SALEM, Ohio – Landowners in 31 of Ohio’s northeastern and southeastern counties may be eligible for special protection of their forest land under the U.S. Forest Service’s Forest Legacy Program.
According to the Ohio Department of Natural Resources, the program is a partnership between participating states and the USDA Forest Service. The goal is to identify and help protect environmentally important forests from conversion to nonforest uses.
Easement protection. The main tool used for protecting these forests is conservation easements.
The federal government may fund up to 75 percent of program costs, with at least 25 percent coming from private state or local sources.
Mark Ervin of the Ohio Department of Natural Resources said the program assists states in acquiring permanent conservation easements from willing sellers.
“Willing sellers is the key point,” Ervin said.
Forest Legacy conservation easements are legal agreements made with property owners to forever restrict development on their land.
What happens. The state or federal government pays for and holds the title to the conservation easement.
The landowner is paid the market value of the easement based on an appraisal that is conducted of all properties.
The landowner retains ownership of the land and can continue the activities that occurred on the land in the past as long as they do not conflict with the terms of the easement.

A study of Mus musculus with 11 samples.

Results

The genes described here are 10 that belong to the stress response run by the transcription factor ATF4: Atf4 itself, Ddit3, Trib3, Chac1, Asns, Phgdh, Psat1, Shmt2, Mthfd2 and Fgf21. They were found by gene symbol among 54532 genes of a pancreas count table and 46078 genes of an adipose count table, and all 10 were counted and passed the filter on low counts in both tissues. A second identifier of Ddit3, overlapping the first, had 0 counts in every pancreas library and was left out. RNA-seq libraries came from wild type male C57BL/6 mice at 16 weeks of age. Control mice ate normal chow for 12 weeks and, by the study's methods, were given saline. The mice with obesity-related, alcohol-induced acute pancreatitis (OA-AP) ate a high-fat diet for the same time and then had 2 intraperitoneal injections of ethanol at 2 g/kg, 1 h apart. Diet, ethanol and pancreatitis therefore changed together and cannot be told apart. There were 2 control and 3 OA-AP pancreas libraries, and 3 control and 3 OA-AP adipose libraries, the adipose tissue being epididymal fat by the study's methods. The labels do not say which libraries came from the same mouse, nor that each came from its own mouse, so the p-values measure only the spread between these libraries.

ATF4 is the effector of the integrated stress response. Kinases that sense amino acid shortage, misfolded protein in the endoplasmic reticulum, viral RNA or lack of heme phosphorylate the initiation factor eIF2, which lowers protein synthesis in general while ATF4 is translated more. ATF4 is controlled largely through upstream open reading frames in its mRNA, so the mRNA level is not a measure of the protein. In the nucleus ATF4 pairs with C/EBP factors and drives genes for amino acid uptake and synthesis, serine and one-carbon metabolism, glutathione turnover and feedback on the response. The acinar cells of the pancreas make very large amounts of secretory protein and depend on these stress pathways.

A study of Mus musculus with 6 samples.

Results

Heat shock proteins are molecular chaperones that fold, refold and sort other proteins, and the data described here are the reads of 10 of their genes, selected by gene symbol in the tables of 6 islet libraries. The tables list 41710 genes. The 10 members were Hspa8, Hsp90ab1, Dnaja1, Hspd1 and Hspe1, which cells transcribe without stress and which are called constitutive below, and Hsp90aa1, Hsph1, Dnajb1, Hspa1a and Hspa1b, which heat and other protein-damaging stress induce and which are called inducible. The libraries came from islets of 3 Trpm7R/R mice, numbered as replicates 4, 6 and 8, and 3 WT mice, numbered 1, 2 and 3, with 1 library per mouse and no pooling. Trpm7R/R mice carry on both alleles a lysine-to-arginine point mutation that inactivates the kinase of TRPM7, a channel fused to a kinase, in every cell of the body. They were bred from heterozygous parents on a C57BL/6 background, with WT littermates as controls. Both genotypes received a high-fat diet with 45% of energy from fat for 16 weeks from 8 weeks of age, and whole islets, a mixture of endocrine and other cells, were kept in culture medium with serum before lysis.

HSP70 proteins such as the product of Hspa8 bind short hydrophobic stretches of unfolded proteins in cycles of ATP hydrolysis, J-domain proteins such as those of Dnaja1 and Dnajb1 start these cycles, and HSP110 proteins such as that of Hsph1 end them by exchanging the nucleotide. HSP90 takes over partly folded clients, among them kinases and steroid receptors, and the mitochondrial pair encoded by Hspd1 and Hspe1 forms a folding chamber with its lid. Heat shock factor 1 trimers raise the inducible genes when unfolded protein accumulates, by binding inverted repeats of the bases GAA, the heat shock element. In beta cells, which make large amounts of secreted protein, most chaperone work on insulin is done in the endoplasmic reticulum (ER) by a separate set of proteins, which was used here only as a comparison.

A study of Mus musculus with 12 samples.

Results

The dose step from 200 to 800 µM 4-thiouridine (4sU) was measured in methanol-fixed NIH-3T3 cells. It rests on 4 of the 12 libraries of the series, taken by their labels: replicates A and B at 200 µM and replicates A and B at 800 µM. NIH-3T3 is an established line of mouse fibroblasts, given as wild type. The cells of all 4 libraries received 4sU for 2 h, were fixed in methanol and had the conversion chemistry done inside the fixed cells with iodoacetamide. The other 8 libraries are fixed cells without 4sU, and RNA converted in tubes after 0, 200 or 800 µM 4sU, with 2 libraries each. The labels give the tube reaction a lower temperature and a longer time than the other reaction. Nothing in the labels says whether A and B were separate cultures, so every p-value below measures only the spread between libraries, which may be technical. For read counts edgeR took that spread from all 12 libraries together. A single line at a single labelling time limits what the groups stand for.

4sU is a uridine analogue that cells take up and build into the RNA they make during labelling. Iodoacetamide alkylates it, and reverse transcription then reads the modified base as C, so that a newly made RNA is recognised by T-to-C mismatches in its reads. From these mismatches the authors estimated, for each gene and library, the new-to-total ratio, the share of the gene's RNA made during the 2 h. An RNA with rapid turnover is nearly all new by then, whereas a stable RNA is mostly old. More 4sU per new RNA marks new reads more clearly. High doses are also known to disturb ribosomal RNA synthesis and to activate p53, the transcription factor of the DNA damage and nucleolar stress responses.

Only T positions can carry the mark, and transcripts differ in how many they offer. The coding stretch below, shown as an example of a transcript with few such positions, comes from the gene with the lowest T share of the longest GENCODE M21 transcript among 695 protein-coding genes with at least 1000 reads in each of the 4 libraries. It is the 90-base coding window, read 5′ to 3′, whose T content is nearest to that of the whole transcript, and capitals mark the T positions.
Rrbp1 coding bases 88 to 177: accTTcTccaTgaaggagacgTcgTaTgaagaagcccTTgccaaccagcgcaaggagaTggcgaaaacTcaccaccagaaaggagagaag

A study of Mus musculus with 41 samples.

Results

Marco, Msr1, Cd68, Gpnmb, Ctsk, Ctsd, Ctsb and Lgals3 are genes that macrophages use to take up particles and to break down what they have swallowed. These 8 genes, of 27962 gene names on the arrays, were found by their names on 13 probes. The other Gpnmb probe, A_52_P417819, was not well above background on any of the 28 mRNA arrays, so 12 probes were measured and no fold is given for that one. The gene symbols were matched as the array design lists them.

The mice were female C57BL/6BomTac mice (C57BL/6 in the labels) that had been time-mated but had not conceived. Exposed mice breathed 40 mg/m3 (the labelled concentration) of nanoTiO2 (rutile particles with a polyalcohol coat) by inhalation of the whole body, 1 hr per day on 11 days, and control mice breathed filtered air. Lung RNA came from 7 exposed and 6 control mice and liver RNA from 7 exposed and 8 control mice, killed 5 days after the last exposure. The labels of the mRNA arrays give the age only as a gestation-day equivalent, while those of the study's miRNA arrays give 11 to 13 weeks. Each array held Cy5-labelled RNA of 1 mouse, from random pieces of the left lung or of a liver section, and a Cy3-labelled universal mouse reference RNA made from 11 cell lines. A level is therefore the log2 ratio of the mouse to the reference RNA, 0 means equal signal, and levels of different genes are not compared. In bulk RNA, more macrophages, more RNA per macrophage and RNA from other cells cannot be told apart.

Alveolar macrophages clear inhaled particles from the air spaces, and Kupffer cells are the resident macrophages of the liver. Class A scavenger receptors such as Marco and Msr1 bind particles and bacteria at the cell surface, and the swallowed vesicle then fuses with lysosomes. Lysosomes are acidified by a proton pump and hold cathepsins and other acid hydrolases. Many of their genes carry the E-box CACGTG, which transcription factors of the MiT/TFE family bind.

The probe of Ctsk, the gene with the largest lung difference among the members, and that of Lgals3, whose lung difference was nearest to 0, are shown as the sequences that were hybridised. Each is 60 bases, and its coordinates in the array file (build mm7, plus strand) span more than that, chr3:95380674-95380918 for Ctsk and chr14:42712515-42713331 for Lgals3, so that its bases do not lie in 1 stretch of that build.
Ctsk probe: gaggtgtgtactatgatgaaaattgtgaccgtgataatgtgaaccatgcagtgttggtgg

The conservation easement remains in place even if the land is sold. The new owner is still bound to the terms and may not convert the land to nonforest uses.
Landowners also benefit from reduced taxes associated with limits placed on land use.
Targeted areas. The focus will be on woodlands where timber production is a primary land-management objective.
“We’re just getting approved at the federal level,” Ervin said. “We want people to take a look at the program and document their comments before the final submission.”
Pa. program. In Pennsylvania, the Forest Legacy Program started in 1998 but not one project has been completed.
“It took a long time to get involved because of funding,” said Gene Odato of the state Bureau of Forestry. “It wasn’t too enticing, but it’s getting better.”
Odato said the state has developed a different strategy now and there are lots of owners interested in maintaining forest land and forest practices.
The sad thing is, he said, “there’s not enough money to satisfy all.”
He said they have between 50 and 60 applicants, but only one project can be done a year, due to funding.
Watershed emphasis. In Pennsylvania, the current concentration is on the watersheds.
Odato said that they look for donations of easements that are in areas critical for drinking water and land that is ideal for timber harvest.
Under the program, timber harvesters must follow sustainable forest practices.
This also provides owners with an income for their land that would normally be maintained forest land but without having to resort to subdividing and selling the land to developers.
No funding. Odato said that it’s hard to get started because there are not enough funds to finish projects.
He said that Pennsylvania is looking at a bond issue but funds may become available from the Growing Greener II organization.
To be included in the Forest Legacy Program, a property must lie partially or entirely within a designated Forest Legacy Area.
To have your property considered for the program, first contact your state forester, who will work with the state lead agency.
Ohioans can get more information at www.ohioforestlegacy.com or by calling Mark Ervin at 614-265-6667.